Richard Florida cites new research to argue that car culture and car oriented communities are the main culprits in the unhealthy lifestyles of U.S. school children.
May 9, 2019, 8am PDT | James Brasuell | @CasualBrasuell
Luciano Mortula - LGM

"Long commutes to school have negative impacts on children’s well-being, especially on sleep and exercise," writes Richard Florida, broadcasting news about a new study by researchers at Cal Poly, Rutgers University, and UCLA, published by the Journal of Planning Education and Research.

The study "takes a detailed look at how lengthy commutes affect the time kids devote to other daily activities," by analyzing "more than 2,700 high-school students’ responses from the American Time Use Survey (ATUS) conducted by the Bureau of Labor Statistics, spanning from 2003 to 2015."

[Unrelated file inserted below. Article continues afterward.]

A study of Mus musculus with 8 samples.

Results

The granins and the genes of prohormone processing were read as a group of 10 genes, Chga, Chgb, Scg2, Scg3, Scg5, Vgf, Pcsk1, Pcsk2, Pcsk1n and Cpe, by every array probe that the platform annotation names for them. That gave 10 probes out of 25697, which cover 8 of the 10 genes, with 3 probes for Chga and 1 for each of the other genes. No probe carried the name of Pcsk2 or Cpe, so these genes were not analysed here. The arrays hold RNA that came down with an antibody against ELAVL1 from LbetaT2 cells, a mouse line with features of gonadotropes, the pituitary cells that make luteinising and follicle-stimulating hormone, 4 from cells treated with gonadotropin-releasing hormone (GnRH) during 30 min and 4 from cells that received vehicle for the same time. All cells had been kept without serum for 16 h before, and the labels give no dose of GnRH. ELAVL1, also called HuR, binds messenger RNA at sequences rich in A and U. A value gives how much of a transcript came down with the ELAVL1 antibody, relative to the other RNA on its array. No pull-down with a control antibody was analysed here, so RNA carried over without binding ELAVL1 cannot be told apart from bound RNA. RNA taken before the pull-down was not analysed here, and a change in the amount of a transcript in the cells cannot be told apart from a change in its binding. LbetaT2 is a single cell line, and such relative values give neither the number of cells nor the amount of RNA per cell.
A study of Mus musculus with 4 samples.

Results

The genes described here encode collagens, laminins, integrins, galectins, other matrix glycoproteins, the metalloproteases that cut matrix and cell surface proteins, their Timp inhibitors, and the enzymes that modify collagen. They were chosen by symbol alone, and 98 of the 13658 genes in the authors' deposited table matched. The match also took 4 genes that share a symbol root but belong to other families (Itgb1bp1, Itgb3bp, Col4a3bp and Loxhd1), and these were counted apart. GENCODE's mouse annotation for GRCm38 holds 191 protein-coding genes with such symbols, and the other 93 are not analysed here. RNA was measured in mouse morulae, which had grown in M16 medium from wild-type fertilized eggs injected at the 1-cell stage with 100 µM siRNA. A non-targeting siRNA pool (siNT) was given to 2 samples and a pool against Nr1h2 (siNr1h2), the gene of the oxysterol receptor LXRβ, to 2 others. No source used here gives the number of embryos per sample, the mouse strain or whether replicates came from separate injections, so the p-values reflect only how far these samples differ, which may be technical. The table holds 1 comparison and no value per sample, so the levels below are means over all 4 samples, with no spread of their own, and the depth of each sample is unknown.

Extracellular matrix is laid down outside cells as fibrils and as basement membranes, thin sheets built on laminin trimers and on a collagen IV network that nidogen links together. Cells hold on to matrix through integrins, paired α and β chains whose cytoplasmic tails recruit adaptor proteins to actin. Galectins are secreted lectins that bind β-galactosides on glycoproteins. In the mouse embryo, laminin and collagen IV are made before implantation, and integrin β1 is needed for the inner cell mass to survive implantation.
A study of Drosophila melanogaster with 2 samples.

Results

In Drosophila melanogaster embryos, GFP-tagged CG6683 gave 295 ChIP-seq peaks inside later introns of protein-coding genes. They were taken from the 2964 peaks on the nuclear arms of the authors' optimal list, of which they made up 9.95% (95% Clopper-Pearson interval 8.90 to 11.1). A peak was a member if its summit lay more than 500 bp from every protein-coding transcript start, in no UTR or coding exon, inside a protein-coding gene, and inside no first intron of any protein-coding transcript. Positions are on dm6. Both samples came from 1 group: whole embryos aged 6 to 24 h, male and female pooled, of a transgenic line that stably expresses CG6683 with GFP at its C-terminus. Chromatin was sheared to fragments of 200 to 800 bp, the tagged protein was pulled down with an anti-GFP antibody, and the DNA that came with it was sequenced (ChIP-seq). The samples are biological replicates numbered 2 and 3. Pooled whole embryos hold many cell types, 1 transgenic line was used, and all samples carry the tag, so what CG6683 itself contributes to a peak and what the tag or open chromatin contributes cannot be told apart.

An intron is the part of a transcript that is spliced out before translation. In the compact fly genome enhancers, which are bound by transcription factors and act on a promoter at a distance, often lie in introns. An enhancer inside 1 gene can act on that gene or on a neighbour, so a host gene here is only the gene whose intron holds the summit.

There is good news to be found in the study's findings, according to Florida. The average commute was short (a8 minutes), and the most common commute was even shorter (five minutes and 10 minutes).

There is also bad news. There are a small number of students who commute more than an hour, which take a "substantial toll" on the exercise and sleep on those students. "Each additional minute of commuting is associated with an even greater 1.3-minute reduction in sleep," explains Florida. "To put that in perspective, if one student had a 10-minute commute, and a second had a 30- minute commute, the second student would get an average of 26 minutes less sleep."

Longer commutes take an even larger toll on exercise, as explained in the source article.

Florida's big point, however, is about how sprawling land use patterns force long commutes on many students, and given a shortage of realistic solutions to that problem in the near term, schools will have to take specific, effective action in shortening commute times for students.